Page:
By Phil Grech | email@example.com
I have a painting hanging up in my bedroom that I found in the trash about ten years ago. People are always surprised to hear that when I tell them because it’s a great painting. Why anyone would have wanted to trash this thing is beyond me. It’s a nice painting and it beats decorating your house with the same Target prints and black light posters your friends have.
The painting is about 2 feet wide and 2 1/2 feet tall. The setting looks to be somewhere in Mexico. In the foreground is a water fountain, with crystal clear water flowing through. In the background is a grand, eloquent staircase with buildings and palm trees on both sides and a palace partially hidden from view by a wall.
It’s a nice painting, but I always wondered, “What’s the point of this thing?” Some buildings, a staircase, a wall; I get it, but who cares?
That was until about six months ago. I noticed an entirely new element while I lay on my bed staring at it. The new element was not a new way of looking at the painting, but a physical element I had not previously seen.
After ten years of this painting hanging up on my wall, I finally noticed a couple facing each other at the bottom of the staircase. The man’s hands embrace his lover’s while their heads are down in contemplation, serenity, patience and appreciation. No one else is around. They are the only people in attendance in this wide open expanse. They have the whole city to themselves.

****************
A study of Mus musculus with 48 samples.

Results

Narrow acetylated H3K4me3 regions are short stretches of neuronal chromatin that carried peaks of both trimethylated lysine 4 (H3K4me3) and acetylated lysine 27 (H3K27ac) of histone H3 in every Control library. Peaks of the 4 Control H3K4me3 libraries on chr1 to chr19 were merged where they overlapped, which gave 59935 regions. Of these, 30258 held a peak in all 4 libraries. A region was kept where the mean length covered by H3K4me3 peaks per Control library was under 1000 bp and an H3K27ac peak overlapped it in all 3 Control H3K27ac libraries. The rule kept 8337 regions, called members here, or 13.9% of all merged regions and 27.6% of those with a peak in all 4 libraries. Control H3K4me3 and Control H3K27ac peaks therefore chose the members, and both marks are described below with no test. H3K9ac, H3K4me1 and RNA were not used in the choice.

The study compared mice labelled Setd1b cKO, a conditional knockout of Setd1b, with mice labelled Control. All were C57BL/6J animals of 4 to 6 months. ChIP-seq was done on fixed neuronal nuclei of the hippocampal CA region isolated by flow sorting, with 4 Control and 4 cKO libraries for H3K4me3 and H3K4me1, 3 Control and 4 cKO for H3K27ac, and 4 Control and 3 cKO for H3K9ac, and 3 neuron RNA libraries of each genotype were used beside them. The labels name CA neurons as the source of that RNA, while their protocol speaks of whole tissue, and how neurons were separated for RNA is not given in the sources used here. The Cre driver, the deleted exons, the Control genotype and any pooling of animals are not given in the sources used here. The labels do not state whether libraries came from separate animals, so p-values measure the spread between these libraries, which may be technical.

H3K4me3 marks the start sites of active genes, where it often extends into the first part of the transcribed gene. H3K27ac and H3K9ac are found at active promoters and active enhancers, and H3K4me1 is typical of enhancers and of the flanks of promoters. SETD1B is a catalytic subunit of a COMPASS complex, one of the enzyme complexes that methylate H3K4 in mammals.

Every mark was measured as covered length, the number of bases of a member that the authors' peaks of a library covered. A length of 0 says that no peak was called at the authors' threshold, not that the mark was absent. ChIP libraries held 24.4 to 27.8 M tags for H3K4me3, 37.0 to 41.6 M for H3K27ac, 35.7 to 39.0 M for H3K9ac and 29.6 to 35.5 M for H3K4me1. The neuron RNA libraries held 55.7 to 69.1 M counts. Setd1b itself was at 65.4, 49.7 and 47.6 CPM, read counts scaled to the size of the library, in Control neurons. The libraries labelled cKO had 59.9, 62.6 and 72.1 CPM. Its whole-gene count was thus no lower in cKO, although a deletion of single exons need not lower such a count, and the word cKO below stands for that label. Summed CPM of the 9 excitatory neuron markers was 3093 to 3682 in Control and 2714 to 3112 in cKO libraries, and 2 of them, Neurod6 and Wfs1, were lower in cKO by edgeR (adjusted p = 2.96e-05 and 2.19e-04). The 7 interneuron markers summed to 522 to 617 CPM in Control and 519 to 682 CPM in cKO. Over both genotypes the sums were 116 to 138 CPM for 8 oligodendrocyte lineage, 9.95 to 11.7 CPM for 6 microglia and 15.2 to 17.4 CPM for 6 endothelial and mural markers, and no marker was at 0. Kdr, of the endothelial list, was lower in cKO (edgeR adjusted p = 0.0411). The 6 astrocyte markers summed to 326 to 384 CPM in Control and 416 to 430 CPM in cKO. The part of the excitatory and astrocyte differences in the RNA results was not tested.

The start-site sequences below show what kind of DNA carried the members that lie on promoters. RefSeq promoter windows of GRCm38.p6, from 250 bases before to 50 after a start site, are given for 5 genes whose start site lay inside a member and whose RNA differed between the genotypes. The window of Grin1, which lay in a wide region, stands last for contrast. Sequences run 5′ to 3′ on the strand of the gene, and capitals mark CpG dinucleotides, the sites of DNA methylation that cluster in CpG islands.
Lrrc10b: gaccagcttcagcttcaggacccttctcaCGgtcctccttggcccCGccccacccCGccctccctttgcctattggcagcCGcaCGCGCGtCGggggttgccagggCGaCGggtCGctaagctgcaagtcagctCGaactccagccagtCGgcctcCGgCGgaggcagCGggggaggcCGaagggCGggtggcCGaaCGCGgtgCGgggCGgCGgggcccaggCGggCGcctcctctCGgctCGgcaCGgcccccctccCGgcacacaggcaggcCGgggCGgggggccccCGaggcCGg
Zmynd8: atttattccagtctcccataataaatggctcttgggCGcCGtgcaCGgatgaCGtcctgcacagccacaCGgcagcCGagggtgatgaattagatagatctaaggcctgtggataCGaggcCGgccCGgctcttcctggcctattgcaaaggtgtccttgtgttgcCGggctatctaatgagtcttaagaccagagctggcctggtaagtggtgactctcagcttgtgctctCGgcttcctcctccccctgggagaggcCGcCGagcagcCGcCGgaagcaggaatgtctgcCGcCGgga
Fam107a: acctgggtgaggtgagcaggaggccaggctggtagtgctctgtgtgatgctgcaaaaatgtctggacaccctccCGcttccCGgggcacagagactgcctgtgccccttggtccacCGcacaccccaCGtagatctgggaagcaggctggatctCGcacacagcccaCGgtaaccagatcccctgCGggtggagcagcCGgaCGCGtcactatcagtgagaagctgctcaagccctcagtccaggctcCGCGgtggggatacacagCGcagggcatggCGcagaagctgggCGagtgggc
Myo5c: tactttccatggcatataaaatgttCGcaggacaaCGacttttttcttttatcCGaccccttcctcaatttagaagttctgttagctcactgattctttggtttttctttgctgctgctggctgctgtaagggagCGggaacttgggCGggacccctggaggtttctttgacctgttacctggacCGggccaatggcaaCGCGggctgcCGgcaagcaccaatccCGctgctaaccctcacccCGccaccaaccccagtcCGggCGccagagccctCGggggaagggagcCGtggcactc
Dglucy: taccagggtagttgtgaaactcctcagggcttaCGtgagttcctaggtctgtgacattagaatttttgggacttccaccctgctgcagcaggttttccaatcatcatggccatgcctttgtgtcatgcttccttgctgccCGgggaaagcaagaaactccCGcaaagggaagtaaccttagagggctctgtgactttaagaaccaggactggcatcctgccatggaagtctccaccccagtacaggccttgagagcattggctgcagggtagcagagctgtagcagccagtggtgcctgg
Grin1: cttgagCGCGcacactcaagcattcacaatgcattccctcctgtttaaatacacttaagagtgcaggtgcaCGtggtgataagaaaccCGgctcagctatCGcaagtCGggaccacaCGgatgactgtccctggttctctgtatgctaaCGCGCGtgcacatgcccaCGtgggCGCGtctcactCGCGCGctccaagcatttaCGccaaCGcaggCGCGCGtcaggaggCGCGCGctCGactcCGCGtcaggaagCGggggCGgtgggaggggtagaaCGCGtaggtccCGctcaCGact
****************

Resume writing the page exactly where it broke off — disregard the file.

How had I missed this for an entire decade?
The painting now has meaning. The painting has a message. Now I get it. In silence, they embrace each other. In silence, they comfort one another. In silence, they give me hope.
I’m not a fan of self-comforting quotations that get forgotten about just as quickly as they become our Facebook statuses. Murmuring “carpe diem” to myself as I struggle out of bed with a hangover has never helped me with anything. The goal in life is truth, not self-comfort, so accepting a particular faith or faulty foundation to provide myself with hope never works.
It is odd then, that I look at this painting and feel hope. The meaning is beyond the aesthetic quality of the painting. I don’t know who the artist is or the meaning he or she intended to convey with it. I only know the meaning I perceive and extract from it. This painting’s fate is a reflection of the human condition.
You are human. You get lonely. It happens. Sometimes a little, sometimes a lot, but the human condition is inescapable. We will never live pain free. If today you are pain free, just wait for tomorrow. Loneliness is just one of the many aspects of being an intellectual being, so I’ve been there.
I know that pain: Those crushing nights of loneliness and despair where no one can provide you meaning, identity and purpose except for yourself; those torturous evenings when you expect those crushing nights. The loneliness can consume you if you let it. And I’ve been there. I’ve been consumed. I’ve been consumed, spit out and consumed again. If this painting had a brain, if it had feelings, then surely it sat outside the night before trash pick-up, thinking this was it. Then someone came by, picked it up and cherished it for years to come.